What would happen if a horse had a phone?

Key points

  • A prototype of the DogPhone was presented in November 2021. The device detects movement and triggers an internet video call to the pet's owner.
  • Initial testing of the DogPhone resulted in some calls that seemed unintentionally made, while others seemed more intentional.
  • While they don't yet exist, horse phones could answer many important questions about equine cognition, perception, recognition, and interaction.

Smart toys for animals that work by way of artificial intelligence are becoming all the rage, with predictions that they’ll form a $20 billion industry by the year 2025. These toys include fitness robots that play with your pet for specific periods of time, cameras that record your pet’s activity when it begins, and programmable treat dispensers that offer goodies when pets make the right moves. With these devices, you can exercise your dog, encourage her to rest, reward her for getting off the couch, and record her disputes with the cat—all while you are many miles away.

The DogPhone

The latest smart toy turns artificial animal intelligence on its head. Instead of requiring human programming, the DogPhone is controlled by the pet. A prototype was presented in November 2021 by animal-computer interaction specialist Ilyena Hirskyj-Douglas of the University of Glasgow. She was motivated to develop it for pandemic pets who might become anxious when home alone.

The DogPhone looks like a plain old dog ball, but tucked inside is a device that detects movement and triggers an internet video call to the pet’s owner. In other words, the dog moves the ball, and the ball then calls you at work. When the call is picked up, the dog and owner can see and hear each other on laptop computer screens set up in their respective locations.

Hirskyj-Douglas tested the prototype on her labrador retriever, Zack. (Lucky test dog!) Once familiar with the device, he called her about five times a day. Some of the calls were caused by accidental movement, like when Zack rolled onto the ball while sleeping. But others seemed intentional, with Zack staring at the screen and wagging his tail as his owner answered the call. Occasionally, he attempted to interact with her, bringing his favorite toys to the computer screen and inviting her to play. She used the connection to show Zack her office and other distant locations, which he observed intently on the screen.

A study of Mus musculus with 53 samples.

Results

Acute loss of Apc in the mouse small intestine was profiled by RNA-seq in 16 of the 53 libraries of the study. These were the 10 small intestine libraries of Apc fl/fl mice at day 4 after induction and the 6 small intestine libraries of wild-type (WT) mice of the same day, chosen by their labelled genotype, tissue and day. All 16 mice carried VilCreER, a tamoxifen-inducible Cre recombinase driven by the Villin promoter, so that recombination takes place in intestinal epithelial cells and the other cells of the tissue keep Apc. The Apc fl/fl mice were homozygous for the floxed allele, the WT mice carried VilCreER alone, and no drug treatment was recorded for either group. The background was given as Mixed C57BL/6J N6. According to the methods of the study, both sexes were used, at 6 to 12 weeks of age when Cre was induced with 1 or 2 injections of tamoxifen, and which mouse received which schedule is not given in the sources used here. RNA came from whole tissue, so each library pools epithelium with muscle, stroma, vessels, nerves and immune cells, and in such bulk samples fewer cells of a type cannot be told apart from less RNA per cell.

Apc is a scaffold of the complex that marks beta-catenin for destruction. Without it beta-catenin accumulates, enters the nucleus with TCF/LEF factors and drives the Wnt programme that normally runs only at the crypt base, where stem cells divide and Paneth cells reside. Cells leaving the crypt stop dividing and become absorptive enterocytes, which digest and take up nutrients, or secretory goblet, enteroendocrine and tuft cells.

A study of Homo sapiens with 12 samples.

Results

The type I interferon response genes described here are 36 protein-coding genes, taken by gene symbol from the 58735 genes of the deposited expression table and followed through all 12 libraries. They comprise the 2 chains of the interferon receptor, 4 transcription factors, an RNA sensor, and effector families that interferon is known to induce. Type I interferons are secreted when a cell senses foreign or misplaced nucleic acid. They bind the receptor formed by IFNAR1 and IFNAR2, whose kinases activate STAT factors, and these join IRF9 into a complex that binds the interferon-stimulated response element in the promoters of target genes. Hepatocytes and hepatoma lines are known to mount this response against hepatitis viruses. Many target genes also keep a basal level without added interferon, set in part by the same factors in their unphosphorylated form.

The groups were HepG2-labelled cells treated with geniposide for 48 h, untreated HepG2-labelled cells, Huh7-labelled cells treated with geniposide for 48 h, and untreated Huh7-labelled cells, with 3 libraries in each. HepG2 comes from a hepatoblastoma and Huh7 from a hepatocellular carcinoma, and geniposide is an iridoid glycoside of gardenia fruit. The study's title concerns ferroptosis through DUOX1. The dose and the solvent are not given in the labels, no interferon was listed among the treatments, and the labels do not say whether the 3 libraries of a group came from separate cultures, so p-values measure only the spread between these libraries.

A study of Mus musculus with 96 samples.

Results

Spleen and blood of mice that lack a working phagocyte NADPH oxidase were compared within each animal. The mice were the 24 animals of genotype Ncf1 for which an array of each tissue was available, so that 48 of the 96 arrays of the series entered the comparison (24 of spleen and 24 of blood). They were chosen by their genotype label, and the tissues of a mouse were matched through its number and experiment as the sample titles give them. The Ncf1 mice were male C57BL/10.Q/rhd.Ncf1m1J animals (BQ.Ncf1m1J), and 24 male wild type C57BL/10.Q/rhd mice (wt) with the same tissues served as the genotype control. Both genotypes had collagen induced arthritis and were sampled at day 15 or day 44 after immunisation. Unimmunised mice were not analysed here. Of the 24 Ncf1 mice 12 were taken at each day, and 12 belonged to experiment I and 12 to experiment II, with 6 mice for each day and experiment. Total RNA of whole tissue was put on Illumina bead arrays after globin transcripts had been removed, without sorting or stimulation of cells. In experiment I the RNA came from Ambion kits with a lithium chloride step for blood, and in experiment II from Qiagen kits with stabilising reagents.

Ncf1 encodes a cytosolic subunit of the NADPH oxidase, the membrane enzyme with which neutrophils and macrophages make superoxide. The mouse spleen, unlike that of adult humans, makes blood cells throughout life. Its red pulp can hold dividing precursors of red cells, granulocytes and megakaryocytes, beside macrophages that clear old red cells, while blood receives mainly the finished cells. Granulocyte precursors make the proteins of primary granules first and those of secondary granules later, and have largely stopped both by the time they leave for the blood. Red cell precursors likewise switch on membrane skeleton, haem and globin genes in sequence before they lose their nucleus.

Imagine... a phone for horses

What would happen if a horse had a phone? One obvious concern struck me immediately: A horse could destroy a ball by accidentally biting, kicking, or stepping on it. Then again, I’ve had several dogs who could obliterate a toy in 30 seconds by tearing it apart with their teeth. Mounting a flat device high on a wall within reach of the horse’s mouth might work. Horses have very nimble lips that could wiggle or move the Horse Phone to trigger a call.

Janet Jones/Allison Ragsdale Photography
The author and her horse, considering the laptop.
Source: Janet Jones/Allison Ragsdale Photography

Our most anthropomorphic tendencies come into play when imagining a Horse Phone. Would a horse be frightened by his human’s face and voice on a screen? Would he come to understand that the human was not physically there? If your horse called you, what would he want? “Hay, Mom. More hay.” Could a horse learn to call for help? “I don’t feel good,” or heaven forbid, “There’s smoke in the barn.” Maybe he would call but offer no communication at all. This is perhaps a good spot to point out that Zack the dog sometimes calls his owner and then walks away from the computer screen, clearly ignoring her.

Seems like it's all fun and games, but it's not just for play. There is so much more we need to know about horses—and about animals of all kinds. A Horse Phone could teach us all sorts of things about equine cognition, sensory discrimination, group dynamics among horses, facial recognition, and equine communication. It could become a welcome tool in every equine scientist’s toolbox. And think of the veterinary implications.

We laugh now. But someday, maybe even someday soon, a DogPhone could be created for horses, and we would make all sorts of new discoveries about their brains, their activities, their lives.